Around Our Town...Music to My Ears
Neil Young: Prairie Wind
01/01/2006 - I've always felt that Neil Young and the brother/sister dream team of Donnie and Marie Osmond were pretty much the same. Okay, maybe same is the wrong word. How about similar? Alright, alright. I know. There are basically no similarities. But, in my defense, I will say this about my outrageous opening statement. Neil, like Donnie and Marie, is little bit country, and a little bit rock and roll. In fact, this is one of the key factors that drew me to him to begin with thirty years ago. I guarantee you it wasn't his singing, which as you know, could be more accurately described as a sort of freakish warbling and painful falsetto squawking sound. Now, Neil, if you happen to read this, please understand that my assessment of your vocal stylings is presented with respect and admiration. Your nasal, high, girlish, slow vibrato no longer frightens me as it used to. I have ceased staring at my car radio in shocked, confused disbelief when the classic sounds of "Heart Of Gold" or "Southern Man" come forth. In fact, I have learned not to mock, but to embrace your voice. You know, Neil, that all ordinary people owe you a debt of gratitude. You are the quintessential example of "Well, if he can do it, anyone can." Honestly. I have little doubt that I sound about 2,349 times better than you, especially in the shower. I'm reasonably sure I look better in there, too...
If his singing (in)ability is so well appreciated, how then can it be that Mr. Young is so stinking famous and wealthy? Why is he a rock icon, in league with names like Mick Jagger, Robert Plant, Janis Joplin, and Paul McCartney? It may have to do with the fact that for the past forty years or so, Neil Young has been busy writing consistently brilliant songs. Songs that have woven their way into our cultural conscious, and have become an integral ingredient in our collective lexicon. Not many artists can claim such distinction regardless of how well they can or cannot sing. And here's something else. Young's music carries with it that intangible something, that aural magic that makes it somehow so much cooler than any other thing you could be listening to.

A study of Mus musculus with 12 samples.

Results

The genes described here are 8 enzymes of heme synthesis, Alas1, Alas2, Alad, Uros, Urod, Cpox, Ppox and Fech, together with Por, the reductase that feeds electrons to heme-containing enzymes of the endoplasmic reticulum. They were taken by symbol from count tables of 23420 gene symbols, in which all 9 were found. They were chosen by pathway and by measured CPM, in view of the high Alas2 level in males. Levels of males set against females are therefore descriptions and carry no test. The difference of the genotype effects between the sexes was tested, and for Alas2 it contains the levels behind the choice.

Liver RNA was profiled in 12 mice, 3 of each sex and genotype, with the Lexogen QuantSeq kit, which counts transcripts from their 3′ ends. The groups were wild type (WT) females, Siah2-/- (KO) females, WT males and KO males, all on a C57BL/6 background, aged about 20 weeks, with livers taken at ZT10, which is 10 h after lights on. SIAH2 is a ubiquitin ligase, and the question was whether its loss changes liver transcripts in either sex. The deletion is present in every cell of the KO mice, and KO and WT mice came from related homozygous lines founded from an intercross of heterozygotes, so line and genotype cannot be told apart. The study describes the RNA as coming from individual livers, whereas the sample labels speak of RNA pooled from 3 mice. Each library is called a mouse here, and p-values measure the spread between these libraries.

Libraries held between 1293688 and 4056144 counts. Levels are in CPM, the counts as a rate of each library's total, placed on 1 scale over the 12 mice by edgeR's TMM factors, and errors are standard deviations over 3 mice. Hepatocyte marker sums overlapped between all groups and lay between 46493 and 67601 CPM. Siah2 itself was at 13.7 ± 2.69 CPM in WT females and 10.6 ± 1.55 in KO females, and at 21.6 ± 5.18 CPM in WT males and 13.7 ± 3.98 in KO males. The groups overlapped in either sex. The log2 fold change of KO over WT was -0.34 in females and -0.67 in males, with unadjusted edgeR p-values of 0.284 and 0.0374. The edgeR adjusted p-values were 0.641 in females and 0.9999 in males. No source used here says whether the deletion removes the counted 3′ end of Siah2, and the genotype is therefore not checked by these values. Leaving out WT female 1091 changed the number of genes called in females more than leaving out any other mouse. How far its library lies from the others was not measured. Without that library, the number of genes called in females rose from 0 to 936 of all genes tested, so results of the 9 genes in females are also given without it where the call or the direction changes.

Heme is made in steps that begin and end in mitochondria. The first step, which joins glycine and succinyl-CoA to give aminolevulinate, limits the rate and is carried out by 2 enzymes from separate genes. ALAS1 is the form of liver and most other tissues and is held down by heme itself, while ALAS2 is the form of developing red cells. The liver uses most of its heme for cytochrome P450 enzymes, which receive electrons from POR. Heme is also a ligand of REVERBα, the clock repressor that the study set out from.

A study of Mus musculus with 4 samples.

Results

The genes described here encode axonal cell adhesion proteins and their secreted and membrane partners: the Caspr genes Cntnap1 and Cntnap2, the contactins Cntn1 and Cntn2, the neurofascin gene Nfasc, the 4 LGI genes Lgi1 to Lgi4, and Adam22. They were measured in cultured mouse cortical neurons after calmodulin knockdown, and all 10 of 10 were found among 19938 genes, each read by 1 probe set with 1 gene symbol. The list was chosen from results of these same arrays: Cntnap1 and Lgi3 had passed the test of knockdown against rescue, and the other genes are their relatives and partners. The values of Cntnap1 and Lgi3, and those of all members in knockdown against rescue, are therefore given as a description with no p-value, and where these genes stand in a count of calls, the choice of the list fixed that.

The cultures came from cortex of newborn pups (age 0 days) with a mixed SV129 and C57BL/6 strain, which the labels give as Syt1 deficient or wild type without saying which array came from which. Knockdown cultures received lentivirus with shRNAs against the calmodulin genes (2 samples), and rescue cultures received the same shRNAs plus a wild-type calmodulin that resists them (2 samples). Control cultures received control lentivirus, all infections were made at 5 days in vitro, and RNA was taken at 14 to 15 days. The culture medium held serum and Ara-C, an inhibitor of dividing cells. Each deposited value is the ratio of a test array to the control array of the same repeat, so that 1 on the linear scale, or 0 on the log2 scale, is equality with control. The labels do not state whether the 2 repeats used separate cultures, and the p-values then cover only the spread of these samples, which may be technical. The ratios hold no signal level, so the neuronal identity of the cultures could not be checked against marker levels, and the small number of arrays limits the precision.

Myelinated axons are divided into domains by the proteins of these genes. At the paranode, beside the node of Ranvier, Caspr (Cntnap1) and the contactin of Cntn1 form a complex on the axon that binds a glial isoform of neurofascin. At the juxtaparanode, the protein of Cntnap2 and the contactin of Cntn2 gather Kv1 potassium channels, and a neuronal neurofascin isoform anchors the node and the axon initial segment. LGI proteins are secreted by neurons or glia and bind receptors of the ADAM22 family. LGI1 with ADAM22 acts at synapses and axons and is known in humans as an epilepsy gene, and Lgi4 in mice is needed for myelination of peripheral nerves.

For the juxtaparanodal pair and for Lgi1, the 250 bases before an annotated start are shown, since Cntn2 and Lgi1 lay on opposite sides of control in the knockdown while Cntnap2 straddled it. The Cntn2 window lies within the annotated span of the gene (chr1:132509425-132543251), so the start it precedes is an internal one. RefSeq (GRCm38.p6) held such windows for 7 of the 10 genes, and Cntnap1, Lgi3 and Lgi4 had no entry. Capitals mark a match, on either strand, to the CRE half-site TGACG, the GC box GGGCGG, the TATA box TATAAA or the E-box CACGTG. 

Oops. There it is. I've done it. I've divulged the great secret. You see, long ago I realized that life is way too short and precious to spend any time listening to music that doesn't move you, that doesn't possess that special magic or conjure some kind of desired state of being.
This is what Neil Young is so good at. His music can take you places. Stark, sparse lyrical images float through the listener's mind, delivered with the gentle acoustic-folk-rock-country signature sound that so many of us have come to love. His latest, "Prairie Wind," breaks no new ground. It's simply his next piece of art, the latest work in his ever-expanding canon. It's not perfect. It's Neil, though, which means that it's well-crafted, thought provoking, and solid. It's comfortable, like an old sock or your special pillow. Like a favorite shirt or the thing you always order at the restaurant you always visit.
I have to admit though, that there is one glitch. One song. One moment on "Prairie Wind" where Neil's voice broke through all that nice stuff I just said about his music, and really got to me. When I heard it, I did one of those involuntary shivers. You know, it's that feeling you get when you accidently take a big swig of rancid milk, or find worms in the cereal box, after you've eaten a few bowls. Wanna have some fun? Are you excruciatingly bored (you must be, if you're still reading this)? Go out and buy Neil Young's latest and find that song.